The last time Ohio State squared off with Michigan State, it did so without head coach Ryan Day. The Buckeye leader had tested positive for COVID in the days before the game and was not allowed to be with the team in any capacity as he went through the Big Ten’s COVID protocols.
Included among that was an inability to travel with his group and represent it on the sidelines in East Lansing, with defensive line coach Larry Johnson taking on the role for that week and in term serving as Ohio State’s first Black head coach. The shorthanded Buckeyes would survive their challenge with ease, winning 52-12, but it was far from an easy week for Day.
“I thought about that the other day when I was that there were some outbreaks across the country,” Day said. “I thought back on last year and what that was like. I never want to go through something like that again. That week, in particular, was very difficult but it was great to see the leaders in our staff step up, going on the road. We had a bunch of people down that week, some staffers, players, so it was a big challenge. But we learned a lot about our players and the culture of this team to go see that happen, and I was proud of that. But it was not easy at all.”
Because of his experiences a year ago, the Buckeye head coach is taking more time than ever to appreciate college football’s return to normal.
“It’s great to see the fans in the stands,” Day continued. “Every once in a while, I take a look at the stands this year and when things are going well, you smile because you know they’re enjoying themselves. They’re having fun back together again, 100-plus thousand people in a stadium after the touchdown… I mean that’s what this is all about. It’s been great to get back in there, even going on the road into hostile environments. That’s one of the reasons why you coach.”
However, as Ohio State enters another matchup with Mel Tucker’s Spartans, Day and his staff are dealing with a different set of significant challenges, due in large part to the indelible fact that these Spartans are not those Spartans. A 52-12 win with much of the starting lineup is not in the cards for the Buckeyes this season. After an offseason of turnover and more than a dozen new transfers working into the program, Tucker has MSU rolling as well as it has in years.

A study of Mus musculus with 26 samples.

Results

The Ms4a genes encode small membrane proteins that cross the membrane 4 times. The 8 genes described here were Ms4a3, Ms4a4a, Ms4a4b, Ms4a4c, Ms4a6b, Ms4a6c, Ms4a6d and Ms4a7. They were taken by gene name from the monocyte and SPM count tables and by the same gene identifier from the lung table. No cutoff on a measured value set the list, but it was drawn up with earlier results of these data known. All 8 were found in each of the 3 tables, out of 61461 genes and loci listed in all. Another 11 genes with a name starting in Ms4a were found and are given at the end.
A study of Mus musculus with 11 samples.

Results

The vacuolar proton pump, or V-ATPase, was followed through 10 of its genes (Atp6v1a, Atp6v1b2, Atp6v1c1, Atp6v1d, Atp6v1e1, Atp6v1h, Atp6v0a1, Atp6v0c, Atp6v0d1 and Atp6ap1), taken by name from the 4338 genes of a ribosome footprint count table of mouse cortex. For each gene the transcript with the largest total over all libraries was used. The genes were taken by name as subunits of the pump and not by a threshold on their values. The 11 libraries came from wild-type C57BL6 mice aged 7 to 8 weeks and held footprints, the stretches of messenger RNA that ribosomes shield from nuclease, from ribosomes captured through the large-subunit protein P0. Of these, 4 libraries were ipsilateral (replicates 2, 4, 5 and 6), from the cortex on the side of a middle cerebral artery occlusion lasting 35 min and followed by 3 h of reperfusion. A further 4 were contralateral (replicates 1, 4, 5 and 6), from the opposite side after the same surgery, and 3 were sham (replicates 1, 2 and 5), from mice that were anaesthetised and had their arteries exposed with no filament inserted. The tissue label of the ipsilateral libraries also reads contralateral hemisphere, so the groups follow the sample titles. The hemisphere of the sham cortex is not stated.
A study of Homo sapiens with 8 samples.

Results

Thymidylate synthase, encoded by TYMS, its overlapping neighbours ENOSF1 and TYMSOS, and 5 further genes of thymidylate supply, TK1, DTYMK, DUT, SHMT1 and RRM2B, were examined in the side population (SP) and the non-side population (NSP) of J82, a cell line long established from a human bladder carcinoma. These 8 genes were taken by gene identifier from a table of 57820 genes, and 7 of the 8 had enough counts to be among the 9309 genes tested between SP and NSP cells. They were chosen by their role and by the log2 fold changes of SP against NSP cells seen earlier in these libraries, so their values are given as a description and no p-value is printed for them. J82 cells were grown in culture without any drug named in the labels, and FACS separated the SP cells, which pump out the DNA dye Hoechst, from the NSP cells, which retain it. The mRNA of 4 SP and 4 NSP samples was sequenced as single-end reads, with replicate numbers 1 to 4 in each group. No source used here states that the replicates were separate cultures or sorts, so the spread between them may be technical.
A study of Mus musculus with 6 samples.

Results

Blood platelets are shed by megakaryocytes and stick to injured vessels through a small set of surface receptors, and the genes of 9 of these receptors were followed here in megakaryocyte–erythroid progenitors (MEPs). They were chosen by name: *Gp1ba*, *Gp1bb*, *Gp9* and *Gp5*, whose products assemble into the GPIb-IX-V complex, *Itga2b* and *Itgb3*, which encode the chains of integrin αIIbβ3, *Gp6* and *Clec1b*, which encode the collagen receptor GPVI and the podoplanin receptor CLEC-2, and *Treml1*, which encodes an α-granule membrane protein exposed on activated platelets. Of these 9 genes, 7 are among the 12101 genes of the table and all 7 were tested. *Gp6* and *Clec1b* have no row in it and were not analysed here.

A loss to Purdue to open November serves as the lone mark on MSU’s otherwise sterling resume, featuring a win over top 10 in-state rival Michigan on Oct. 30, 37-33. The Spartans enter Columbus as a consensus top 10 team and they featured as the No. 7 squad in last week’s College Football Playoff rankings, behind the Wolverines by only one spot. For the Buckeyes, it’s the first of what could be back-to-back Big Ten East title games, followed (if they sweep) by an actual conference title game against the West’s representative.
“This has been quite a year for the Big Ten,” Day said. “When you look at the second half of the season in this league, there have been some unbelievable games, some really good matchups and it’s just week in and week out. We’re finding out who can sustain in November. There are no weeks off. After the bye week, it’s all conference games. And they’re with very good teams, top to bottom, so we have to bring it every week. That’s the challenge right now. It’s a long stronger this year than in the last couple years.”
But these Buckeyes can’t yet look ahead to that, with Michigan State as the lone focus in Columbus until the clock hits 0:00 Nov. 23.
“They’re a very good team, they play with really good energy and I think they’re really believing in what Mel is doing up there,” Day said. “He certainly turned that roster quickly, over into a championship-level roster. They have really good players, they’ve played well, they have a good scheme. It’s a challenge across the board.”
Chief among the concerns for the Buckeyes is halfback Kenneth Walker III, a transfer from Wake Forest who has burst onto the national scene at Michigan State and leads both the Heisman race and his own offense. Walker nearly beat Michigan by himself and has dominated every time MSU has needed him to this season.
“He does have great patience,” Day said of Walker. “He’s running the ball better than just about everybody. Their line does a good job, they have a very good offense in general and he’s a big part of it. He makes a lot of guys miss in the hole.”
To stop a player like Walker, Ohio State will need a step up from its rush defense, which has already been playing at a top 25 level since early October – though it has yet to face a player like Walker.
“We need to do a great job up front in defeating blocks, and then it’s going to take more than one guy to bring him down,” Day said.